Date of Award

Spring 1-1-2011

Document Type

Thesis

Degree Name

Master of Engineering (ME)

First Advisor

Gregor Henze

Second Advisor

Michael Brandemuehl

Third Advisor

Moncef Krarti

Fourth Advisor

David Bortz

Abstract

The building sector in the U.S. accounts for approximately 40% of the national primary energy usage, 37% of which comes from space heating. Faulty systems and control schemes can increase energy usage by 15% to 20%. Quick and accurate fault detection and diagnosis will play a key role in reducing building energy consumption.

This thesis explores potential Bayesian fault detection, diagnosis and correction methods in commercial buildings. The first experiment investigated fault correction in a test building. A test-building model was calibrated to measured data. It was then found, that by implementing a nighttime setback, energy savings of approximately 20 percent could be achieved.

Next, experiments were carried out using surrogate model data to investigate a number of hydraulic system faults, such as an inefficient boiler, high valve leakage, valves with high hysteresis and heat exchanger fouling. It was determined, that experimentally with surrogate data, Bayesian methods are effective for detecting hydraulic heating system faults.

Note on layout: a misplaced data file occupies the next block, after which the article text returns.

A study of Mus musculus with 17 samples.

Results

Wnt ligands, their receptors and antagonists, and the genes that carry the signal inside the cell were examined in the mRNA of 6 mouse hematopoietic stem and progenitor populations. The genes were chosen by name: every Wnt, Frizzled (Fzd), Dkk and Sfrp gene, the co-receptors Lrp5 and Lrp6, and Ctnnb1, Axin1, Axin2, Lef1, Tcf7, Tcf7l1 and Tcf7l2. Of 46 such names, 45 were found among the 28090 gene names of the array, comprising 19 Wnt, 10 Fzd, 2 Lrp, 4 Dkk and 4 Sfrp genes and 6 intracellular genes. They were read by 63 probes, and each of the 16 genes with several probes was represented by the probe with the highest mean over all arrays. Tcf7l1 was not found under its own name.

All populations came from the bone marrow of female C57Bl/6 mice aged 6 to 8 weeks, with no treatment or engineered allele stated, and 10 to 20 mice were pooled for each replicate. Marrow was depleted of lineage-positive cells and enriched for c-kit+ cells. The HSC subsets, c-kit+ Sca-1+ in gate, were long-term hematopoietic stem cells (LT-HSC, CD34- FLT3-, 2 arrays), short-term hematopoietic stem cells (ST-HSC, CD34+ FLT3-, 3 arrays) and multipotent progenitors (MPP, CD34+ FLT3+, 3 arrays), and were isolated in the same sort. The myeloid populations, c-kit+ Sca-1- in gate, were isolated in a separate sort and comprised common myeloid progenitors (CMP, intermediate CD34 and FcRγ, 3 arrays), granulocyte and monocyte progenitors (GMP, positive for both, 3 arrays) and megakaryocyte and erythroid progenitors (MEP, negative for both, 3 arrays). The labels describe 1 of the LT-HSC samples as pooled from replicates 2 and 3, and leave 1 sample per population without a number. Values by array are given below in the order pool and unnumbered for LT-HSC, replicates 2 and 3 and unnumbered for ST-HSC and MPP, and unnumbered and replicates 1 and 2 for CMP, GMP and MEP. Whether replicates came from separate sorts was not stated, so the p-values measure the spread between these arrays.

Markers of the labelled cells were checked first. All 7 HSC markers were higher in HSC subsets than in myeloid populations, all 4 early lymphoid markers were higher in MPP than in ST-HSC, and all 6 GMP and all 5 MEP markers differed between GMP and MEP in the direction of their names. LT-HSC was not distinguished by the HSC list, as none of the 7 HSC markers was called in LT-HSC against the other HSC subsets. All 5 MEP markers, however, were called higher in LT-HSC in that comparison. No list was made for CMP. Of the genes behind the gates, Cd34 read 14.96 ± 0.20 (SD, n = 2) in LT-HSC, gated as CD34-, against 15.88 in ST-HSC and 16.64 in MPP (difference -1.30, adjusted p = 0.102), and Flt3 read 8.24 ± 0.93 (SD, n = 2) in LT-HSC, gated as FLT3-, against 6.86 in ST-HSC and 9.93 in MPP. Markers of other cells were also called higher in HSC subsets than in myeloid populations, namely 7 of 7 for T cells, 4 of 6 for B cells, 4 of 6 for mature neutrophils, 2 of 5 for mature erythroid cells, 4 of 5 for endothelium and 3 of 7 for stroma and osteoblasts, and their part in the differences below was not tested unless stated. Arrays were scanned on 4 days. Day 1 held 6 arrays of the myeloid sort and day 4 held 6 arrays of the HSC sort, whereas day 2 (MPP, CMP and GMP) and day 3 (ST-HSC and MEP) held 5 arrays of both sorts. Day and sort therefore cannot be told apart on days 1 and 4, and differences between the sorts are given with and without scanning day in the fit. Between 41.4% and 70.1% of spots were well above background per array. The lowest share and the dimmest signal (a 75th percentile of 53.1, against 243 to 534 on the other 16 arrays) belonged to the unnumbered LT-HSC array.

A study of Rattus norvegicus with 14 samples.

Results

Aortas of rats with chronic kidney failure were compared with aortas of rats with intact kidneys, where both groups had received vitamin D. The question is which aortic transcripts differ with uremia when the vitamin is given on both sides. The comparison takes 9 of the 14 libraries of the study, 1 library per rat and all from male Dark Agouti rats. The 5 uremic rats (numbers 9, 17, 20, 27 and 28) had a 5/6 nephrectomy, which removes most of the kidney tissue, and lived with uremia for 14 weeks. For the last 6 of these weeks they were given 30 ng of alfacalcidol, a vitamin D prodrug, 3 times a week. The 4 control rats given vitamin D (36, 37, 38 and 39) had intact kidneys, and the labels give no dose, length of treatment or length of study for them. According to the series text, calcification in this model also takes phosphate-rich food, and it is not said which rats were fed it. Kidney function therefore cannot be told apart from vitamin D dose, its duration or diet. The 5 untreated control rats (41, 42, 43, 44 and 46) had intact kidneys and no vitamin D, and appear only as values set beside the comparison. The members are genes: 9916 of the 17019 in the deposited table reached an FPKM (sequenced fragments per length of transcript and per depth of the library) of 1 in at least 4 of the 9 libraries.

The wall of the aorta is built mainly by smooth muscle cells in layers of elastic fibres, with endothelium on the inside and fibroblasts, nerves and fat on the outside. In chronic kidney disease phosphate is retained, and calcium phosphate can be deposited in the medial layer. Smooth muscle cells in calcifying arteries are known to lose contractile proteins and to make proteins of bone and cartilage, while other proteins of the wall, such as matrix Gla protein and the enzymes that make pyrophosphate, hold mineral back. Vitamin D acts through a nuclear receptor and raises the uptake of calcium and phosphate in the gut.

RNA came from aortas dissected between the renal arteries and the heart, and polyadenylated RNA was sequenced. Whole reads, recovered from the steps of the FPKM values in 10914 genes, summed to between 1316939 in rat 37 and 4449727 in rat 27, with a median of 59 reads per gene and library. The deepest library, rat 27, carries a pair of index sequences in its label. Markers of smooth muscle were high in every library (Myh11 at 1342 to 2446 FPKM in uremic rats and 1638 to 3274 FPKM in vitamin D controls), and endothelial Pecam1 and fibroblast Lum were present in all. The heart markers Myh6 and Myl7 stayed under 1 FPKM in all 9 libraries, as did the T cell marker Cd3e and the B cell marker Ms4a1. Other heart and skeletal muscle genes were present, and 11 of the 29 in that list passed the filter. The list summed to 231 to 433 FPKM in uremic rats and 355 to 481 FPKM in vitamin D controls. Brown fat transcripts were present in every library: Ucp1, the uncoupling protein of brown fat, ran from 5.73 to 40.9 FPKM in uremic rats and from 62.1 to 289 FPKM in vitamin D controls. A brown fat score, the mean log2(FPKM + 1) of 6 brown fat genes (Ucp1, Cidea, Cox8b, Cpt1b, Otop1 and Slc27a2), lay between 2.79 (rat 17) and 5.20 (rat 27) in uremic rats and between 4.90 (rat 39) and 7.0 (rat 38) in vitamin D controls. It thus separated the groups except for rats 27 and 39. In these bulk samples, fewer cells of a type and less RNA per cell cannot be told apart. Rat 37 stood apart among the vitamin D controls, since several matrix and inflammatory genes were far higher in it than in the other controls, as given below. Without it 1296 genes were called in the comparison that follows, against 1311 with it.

Bayesian methods were then used to examine heat exchanger fouling for two heat exchangers in a test building using measured data. The amount of propagated model uncertainty and measurement noise present made fault detection in this case more difficult. The heat transfer values in the heat exchangers were not determined to be low enough to be considered significantly faulty.

Lastly, an experiment was carried out to test if the number of models created could be minimized. The models were correct in predicting faults in many circumstances, however mischaracterized faults were not uncommon.